I was looking to find out if there is a document out there now on setting up a secondary Endpoint Encryption Management server and what different options I may have and what others in this community are doing for such needs. Is it just a replication over to the new server of SBAdmin and SBDATA directories? but I'm sure there are various factors involving methods and best practices for updating clients wih the new info etc. Currently running 5.x environment. Appreciate any insight on this.
McAfee backup document outlines how to have live database copied to another system. If that is what you are looking for.
Thanks Peter. This is what I was looking for. Also, for existing clients to get the update of the new hotbackup server information is this handled via scm and sdmcfg files after the new server is added in the object directory and later pushed out as part of the client file updates?
As far as I know, no. You would not have to. If your primary dies, You change backup server settings to match primary, then bring it online.
Ok. Just so I have this understood correctly..The practice to get the clients talking to the Hot backup server is stop service on primary and then to change the hotbackup servers IP to the Primary servers IP, start the service etc? To understand further then why does the document suggest to create a secondary server entry in the database with separate IP which creates certain security keys etc in the ojbect directory. There has to be another way to let the existing clients know of the new server (hotbackup) so they can go to that instead of just looking at single IP.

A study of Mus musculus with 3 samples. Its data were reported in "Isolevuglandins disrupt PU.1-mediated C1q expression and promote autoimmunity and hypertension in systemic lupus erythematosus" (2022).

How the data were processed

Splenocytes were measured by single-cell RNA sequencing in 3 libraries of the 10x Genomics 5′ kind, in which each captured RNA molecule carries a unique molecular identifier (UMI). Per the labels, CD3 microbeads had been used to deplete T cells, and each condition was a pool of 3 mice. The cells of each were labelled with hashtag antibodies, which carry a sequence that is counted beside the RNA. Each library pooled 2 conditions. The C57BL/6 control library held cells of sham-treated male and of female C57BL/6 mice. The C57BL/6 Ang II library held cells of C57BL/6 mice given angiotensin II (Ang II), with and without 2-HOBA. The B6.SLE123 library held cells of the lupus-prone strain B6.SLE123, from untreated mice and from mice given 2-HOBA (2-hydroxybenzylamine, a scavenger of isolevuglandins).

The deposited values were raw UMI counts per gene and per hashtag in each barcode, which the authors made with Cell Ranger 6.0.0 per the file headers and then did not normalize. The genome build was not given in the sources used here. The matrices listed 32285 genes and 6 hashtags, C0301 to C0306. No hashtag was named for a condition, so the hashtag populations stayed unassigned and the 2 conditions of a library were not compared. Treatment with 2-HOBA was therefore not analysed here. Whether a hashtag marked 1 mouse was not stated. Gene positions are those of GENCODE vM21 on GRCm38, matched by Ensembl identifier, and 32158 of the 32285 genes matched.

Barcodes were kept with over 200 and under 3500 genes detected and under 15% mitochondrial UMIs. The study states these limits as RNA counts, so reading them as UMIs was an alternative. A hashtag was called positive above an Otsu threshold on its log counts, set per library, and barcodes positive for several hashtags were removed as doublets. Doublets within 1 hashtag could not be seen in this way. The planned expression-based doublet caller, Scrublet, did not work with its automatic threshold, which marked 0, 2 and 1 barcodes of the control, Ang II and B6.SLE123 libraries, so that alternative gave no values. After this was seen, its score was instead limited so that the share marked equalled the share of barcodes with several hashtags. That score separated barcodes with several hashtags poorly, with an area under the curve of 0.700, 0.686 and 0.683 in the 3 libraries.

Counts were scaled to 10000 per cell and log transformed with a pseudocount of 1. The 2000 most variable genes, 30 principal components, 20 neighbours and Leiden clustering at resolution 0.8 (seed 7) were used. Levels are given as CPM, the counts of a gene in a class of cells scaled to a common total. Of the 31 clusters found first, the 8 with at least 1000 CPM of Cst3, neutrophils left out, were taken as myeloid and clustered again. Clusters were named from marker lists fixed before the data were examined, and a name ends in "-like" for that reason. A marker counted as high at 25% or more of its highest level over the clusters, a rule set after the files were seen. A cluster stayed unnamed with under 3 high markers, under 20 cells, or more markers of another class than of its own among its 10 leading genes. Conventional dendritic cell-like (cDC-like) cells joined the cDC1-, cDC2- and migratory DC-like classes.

That might come from some older design strategy, which is not being recommended anymore...
Since only one database instance should be servicing clients at any given time, I suggest to keep only one server name/key present. That is simple and easy to troubleshoot. All you need to control is the DNS and database service status.
Interesting. I prefer to have both servers configured on the clients at all times. They are set to always try the primary first, but if it fails, then they try the backup.
The backup has the service turned off at all times. There's a manual DR procedure to ensure that the primary is down, or at least the service is disabled, and then to bring up the servcie on the backup server. No touching the clients during a DR incident, no touching DNS, and minimal work for the operators.
If that works for you....We have decided to use load balanced multiple database servers in the front-end. Therefore we have multiple remote servers in client configuration. So it is just a different approach.